If you have an airplane at your business then the IRS has issued a ruling that you may be interested in. The ruling covers the deduction of expenses for business aircraft used for entertainment. This clarifies the 2004 law that limited deductions for executives who used their company jets for entertaining over the business's cost. The final ruling follows the proposed ruling REG-147171-05 that came out in 2007.
The ruling now defines what is covered as “travel aboard a taxpayer-provided aircraft for entertainment purposes.” This does not cover travel about the aircraft for business purposes, attending charity events, or medical reasons.
Costs that can no longer be deducted are depreciation, hanger costs, pilots wages, and anything else not tied to a particular event. The direct costs of the flight are also not allowed. These are the fuel, landing fees, temporary storage, or travel costs for the pilots and flight crew.
The ruling defines two methods for allocating the costs to a flight. The first is a flight-by-flight method. To use this take the total costs for the year and then divide by the flight miles or flight hours for any individual flight. The costs can then be divided by the passengers. The second option is to use an occupied seat method. Multiply the seats filled by the flight hours and then divide in the total costs for the year.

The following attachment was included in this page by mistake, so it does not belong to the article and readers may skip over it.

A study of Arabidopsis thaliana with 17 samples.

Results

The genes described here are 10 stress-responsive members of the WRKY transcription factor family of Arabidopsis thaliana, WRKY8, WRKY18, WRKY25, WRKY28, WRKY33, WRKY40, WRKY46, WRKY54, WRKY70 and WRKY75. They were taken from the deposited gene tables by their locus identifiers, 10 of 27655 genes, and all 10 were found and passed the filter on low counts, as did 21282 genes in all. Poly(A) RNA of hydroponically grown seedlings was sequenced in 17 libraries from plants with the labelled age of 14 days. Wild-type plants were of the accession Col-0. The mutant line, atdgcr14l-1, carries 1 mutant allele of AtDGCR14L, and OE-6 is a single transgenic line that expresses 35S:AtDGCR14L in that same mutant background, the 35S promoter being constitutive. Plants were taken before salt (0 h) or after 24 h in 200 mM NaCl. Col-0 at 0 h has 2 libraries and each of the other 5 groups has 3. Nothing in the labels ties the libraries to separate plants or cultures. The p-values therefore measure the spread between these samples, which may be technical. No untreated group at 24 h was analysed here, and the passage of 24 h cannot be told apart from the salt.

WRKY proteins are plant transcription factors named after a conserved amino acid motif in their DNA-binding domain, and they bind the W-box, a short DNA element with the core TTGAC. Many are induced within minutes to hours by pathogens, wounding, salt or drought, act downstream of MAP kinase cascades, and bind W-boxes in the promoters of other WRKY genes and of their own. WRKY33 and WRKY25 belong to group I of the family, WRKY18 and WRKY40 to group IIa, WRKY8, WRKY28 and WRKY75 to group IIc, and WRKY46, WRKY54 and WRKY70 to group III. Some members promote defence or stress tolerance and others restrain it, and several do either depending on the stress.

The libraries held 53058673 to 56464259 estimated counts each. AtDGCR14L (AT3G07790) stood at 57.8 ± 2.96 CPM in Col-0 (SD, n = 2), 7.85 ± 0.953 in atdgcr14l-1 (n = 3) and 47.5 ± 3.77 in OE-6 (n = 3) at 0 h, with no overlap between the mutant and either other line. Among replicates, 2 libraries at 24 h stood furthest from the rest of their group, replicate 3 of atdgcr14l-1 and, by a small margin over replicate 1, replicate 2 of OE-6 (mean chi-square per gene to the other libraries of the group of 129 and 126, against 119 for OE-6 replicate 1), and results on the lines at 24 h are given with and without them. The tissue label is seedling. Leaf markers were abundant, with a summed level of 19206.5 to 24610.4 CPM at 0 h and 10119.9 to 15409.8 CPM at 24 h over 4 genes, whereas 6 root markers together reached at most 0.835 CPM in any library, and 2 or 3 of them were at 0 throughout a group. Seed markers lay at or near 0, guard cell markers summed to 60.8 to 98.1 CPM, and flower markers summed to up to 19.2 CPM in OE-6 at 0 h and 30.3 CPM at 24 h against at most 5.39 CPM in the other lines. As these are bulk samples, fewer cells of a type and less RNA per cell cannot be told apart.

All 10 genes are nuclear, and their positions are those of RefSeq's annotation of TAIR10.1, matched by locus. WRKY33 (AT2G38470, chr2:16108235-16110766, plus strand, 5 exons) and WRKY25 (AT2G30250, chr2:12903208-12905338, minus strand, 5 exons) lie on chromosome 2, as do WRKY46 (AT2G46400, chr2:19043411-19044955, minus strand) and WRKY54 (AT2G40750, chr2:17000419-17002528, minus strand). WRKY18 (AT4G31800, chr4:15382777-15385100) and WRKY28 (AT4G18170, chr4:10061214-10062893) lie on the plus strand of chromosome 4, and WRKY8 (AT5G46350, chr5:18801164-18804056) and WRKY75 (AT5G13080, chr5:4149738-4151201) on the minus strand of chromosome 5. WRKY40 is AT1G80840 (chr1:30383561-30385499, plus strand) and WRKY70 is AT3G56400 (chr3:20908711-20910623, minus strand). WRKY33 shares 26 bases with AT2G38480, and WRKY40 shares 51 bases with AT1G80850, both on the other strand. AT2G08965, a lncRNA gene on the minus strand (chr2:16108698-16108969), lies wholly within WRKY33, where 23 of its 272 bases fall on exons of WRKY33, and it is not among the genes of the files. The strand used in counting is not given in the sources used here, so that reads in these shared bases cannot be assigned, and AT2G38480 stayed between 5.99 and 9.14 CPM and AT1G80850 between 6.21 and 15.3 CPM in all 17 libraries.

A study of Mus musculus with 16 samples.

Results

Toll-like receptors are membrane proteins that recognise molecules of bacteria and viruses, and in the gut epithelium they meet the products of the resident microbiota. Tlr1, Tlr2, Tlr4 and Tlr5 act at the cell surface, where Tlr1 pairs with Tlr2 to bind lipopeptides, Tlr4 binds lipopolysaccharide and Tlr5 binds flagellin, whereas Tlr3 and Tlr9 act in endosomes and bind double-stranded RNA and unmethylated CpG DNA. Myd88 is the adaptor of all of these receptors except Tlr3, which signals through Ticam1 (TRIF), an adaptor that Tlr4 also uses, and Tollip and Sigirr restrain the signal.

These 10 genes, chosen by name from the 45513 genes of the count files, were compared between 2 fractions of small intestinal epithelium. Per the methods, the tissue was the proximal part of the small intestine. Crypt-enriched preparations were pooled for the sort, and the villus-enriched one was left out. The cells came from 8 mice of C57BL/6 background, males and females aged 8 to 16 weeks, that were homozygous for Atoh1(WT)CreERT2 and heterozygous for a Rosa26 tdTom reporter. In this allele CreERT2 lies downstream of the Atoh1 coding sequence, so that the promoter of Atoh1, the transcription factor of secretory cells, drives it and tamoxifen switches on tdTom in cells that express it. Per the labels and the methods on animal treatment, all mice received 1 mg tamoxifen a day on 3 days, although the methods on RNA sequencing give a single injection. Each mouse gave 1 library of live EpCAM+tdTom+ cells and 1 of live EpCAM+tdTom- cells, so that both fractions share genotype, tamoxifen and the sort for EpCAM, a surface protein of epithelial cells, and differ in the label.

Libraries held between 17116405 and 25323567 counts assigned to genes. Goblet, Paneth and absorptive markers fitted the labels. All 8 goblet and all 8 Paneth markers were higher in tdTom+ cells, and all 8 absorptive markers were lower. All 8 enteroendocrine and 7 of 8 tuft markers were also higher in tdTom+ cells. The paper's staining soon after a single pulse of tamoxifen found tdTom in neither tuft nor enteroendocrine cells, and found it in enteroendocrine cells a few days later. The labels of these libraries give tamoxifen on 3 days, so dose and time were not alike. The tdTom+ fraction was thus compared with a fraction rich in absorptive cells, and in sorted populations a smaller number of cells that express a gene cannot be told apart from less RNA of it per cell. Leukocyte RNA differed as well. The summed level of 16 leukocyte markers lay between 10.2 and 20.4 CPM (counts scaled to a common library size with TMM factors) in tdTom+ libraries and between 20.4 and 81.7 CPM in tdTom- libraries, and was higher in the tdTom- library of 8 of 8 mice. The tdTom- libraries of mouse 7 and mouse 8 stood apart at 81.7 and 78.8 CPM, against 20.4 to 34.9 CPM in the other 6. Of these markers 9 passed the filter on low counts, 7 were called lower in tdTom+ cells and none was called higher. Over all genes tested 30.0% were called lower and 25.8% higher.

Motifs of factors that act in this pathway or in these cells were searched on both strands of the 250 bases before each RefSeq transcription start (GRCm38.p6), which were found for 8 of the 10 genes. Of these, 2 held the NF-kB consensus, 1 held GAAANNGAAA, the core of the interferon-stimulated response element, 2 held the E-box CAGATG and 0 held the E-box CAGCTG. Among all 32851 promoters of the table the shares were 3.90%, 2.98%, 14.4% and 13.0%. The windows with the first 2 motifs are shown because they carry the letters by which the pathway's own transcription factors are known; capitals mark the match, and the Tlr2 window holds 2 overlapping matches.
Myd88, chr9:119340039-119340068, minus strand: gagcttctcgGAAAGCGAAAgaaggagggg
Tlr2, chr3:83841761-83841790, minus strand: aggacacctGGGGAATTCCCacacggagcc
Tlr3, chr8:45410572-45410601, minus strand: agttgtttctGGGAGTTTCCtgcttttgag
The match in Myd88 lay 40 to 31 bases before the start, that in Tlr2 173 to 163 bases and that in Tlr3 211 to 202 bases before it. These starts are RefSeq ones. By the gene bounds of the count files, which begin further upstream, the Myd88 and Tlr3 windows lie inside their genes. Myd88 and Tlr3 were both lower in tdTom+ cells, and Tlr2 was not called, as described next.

Those covered by the ruling are officers and executives of the company. That is defined as managing partners, members of the partnership, of those with over 10% ownership or equity of the company.
If you need a business account to help you navigate the rulings and how they apply to your company then Accounting Aisle can connect with experts near you.